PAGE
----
Driving Business Results through Employee Engagement

A couple of months ago, I highlighted Daniel Pink’s work on intrinsic motivation in my February 24th blog post entitled “When Traditional Motivation Doesn’t Work”.  I concluded that post with the following tips.


  • Make them feel valued as people and that they belong
  • Help them see how what they do makes a difference, and
  • Find a way for them to monitor their own contributions on an ongoing basis.


I recently stumbled upon a research study which validates these principles, shows how employee engagement and customer loyalty drive financial results, and illustrates how to execute these principles in a grocery store environment.  The study was sponsored by the Coca-Cola Retailing Research Council and is entitled “Getting to Great:  Mapping Management Practices that Drive Great Store Performance”.

The article is about 30 pages long, but well worth the time, even if you aren’t in the grocery business.  Historically, the key to success in store operations has been seen as execution, and “command and control” has been a dominant leadership approach.  Seeing how the above principles of employee engagement work in this situation should increase our confidence that they will work in situations involving more ambiguous and complex challenges. Below is a quick recap of their findings.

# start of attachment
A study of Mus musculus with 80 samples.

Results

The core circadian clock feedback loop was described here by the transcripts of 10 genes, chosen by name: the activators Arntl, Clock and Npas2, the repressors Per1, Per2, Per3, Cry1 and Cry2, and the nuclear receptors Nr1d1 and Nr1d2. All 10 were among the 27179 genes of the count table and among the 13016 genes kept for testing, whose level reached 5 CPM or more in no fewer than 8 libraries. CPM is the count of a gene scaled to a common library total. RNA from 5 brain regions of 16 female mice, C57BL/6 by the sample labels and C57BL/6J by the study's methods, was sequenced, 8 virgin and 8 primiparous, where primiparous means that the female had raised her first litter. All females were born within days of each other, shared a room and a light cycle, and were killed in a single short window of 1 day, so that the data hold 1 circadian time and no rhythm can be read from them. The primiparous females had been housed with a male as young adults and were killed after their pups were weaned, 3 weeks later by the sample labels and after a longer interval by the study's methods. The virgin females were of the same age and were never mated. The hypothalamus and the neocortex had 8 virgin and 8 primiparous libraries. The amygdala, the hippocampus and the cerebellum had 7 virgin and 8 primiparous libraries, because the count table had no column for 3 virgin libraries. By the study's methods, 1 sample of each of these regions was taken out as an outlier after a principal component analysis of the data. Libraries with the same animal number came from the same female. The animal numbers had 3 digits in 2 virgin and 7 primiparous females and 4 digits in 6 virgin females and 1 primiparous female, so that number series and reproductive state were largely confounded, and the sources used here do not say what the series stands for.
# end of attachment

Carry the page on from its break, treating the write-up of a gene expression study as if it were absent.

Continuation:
First, how do we know a great performer when we see one?

  1. “Great performers are those that overachieve relative to their market potential, not just those with the highest financial results.”  Store results are a function not only of the leader’s performance, they are tremendously impacted by the store’s location, customer potential, competitive intensity, and store specific factors.  The researchers devised a clever way of controlling for these external factors to show which store managers are executing most effectively against the strategic hand they have been dealt.  (pp. 4-6)
  2. “Great Performers generate intense customer loyalty”.
  3. “Great performers produce strong employee loyalty and commitment.”

Second, what are the key management practices that great performers use to get these results?

  1. “Get clarity and commitment to goals.  The great performers focused on the one or two most vital goals for improving their store’s performance and put their full focus behind them.  By contrast, the more goals there were, the fewer were achieved with excellence.
  2. Get everyone to focus on the key drivers.  Enlist each team member daily to take actions that have the greatest impact on achieving the main goals.
  3. Implement simple mechanisms to propel goal achievement.  Post visible, compelling scorecards in accessible workplace locations.
  4. Establish a constant cadence of engagement and accountability around the key measures and goals.”

While this is a good recap, go to the report for the specifics of how to measure great performance results and the specific leadership behaviors that lead to it.  It is sure to be a catalyst for ideas on how to do the same in your business!